A few weeks ago, I couldn’t get comfortable. I sat on the couch, fidgeting and shifting, but couldn’t find any relief.
Climbing into bed and propping my knees with pillows didn’t do the trick either. It was miserable trying to fall asleep, and I didn’t understand why my hips were aching so badly. At least, I didn’t know until I woke up in the morning to a thunderstorm. I should’ve realized.
Your child with juvenile arthritis and their grandparents may have something in common: They might be able to tell that rain is coming because their knee is acting up. Some people think it’s a myth that people with arthritis can predict the weather. But there could be a scientific explanation!
Possible science behind the pain
Pain might be attributed to changes in barometric pressure, the measurement of the weight of the air. When it rains, the barometric pressure drops, which likely means there’s less pressure compressing our joints. That would allow them to swell and become irritated. Damp coldness and humidity can make them feel even worse.
Any sudden shift in the weather can cause joints to flare up. For example, cold temperatures cause stiffness, which brings on more pain.
How to help
In a not-so-distant past, doctors used to advise people with rheumatic diseases to move to hot, dry climates. The consistent temperatures and lack of precipitation can help to keep your condition stable. While I would love to go to Arizona one day to visit the Grand Canyon, I don’t intend to uproot my life and move there. At least, not yet.
In the meantime, I like to use this handy weather tool created by the Arthritis Foundation that can help predict when you might experience weather-related pain. It helps me plan for painful days by staying on top of my medications, wearing compression garments, and arranging transportation instead of walking to my train.
If your child is affected by a particular type of weather, knowing ahead of time that they might need a ride to school or extra medication is extremely helpful.
It also pays to have gear on hand. If it will be a rainy day, consider having a change of clothes for your child. Sitting through class in damp jeans or socks will feel miserable, and having something dry and warm to change into can help a lot. Having a warm bath or hot water bottle ready for them when they come home also can be heavenly.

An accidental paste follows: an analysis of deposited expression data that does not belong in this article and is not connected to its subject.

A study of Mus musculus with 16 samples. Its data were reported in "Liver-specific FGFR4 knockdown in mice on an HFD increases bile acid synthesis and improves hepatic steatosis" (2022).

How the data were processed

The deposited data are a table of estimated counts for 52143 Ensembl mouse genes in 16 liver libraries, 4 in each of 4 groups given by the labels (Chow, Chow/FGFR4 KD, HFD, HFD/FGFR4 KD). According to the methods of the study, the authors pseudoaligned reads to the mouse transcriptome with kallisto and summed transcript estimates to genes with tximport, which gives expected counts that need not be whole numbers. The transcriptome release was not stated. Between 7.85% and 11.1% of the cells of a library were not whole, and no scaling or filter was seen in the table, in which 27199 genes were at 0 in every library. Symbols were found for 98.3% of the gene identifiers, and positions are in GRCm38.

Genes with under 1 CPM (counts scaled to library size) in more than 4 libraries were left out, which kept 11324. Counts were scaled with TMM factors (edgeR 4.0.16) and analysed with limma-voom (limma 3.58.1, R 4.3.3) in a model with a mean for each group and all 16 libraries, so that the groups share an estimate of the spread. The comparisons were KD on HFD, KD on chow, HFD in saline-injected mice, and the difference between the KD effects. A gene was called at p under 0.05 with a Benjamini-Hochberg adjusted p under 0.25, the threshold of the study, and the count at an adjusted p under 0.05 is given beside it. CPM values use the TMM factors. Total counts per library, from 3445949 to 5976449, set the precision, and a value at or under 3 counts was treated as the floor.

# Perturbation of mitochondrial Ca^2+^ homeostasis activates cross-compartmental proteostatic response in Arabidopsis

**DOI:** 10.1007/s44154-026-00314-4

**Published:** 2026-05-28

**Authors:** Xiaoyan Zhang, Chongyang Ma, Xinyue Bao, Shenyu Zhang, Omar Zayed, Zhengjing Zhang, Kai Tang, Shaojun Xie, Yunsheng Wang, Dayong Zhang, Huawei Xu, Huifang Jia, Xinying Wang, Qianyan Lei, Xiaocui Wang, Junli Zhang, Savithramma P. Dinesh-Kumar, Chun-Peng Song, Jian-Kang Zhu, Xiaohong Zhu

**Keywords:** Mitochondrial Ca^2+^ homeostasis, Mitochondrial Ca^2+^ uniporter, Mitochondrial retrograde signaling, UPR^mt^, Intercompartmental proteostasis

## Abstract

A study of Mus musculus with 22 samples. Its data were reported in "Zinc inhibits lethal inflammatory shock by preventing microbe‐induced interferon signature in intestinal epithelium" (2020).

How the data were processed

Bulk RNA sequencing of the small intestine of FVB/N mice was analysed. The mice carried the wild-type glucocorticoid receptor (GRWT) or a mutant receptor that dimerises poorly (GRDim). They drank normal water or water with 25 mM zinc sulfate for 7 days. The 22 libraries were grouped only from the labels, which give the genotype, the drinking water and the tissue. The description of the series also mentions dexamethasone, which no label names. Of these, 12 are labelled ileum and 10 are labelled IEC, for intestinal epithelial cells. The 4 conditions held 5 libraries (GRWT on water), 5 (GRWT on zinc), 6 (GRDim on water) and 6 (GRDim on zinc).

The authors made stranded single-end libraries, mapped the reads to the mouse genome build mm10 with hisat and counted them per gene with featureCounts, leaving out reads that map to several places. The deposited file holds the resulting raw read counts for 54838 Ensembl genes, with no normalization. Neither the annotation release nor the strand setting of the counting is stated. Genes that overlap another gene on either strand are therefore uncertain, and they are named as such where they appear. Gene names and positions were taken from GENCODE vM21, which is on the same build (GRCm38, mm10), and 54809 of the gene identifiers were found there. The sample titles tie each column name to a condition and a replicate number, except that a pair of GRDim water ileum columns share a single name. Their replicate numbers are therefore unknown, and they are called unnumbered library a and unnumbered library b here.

Education and self-care go a long way
Sometimes I felt down on myself because of the way the weather, especially rain, affected me. It felt so dramatic because it was so much more than a trick knee acting up. It was pain that would wear me out badly, to the point that on some days, I needed to nap and rest all day. I felt like such an old lady, and it was embarrassing to struggle so much at such a young age.
But once I learned that the rain is a legitimate arthritis trigger, it became easier to cope. I became more forgiving of my condition. My body needed the naps after experiencing extra inflammation all day, and now I accept that.
I’ve made it more of a self-care routine now: After a long, cold, wet day, I take a warm shower, put on fuzzy pajamas, and curl up for an hour or so under a warm blanket. It’s pure bliss.
Note: Juvenile Arthritis News is strictly a news and information website about the disease. It does not provide medical advice, diagnosis, or treatment. This content is not intended to be a substitute for professional medical advice, diagnosis, or treatment. Always seek the advice of your physician or other qualified health provider with any questions you may have regarding a medical condition. Never disregard professional medical advice or delay in seeking it because of something you have read on this website. The opinions expressed in this column are not those of Juvenile Arthritis News, or its parent company, BioNews Services, and are intended to spark discussion about issues pertaining to juvenile arthritis.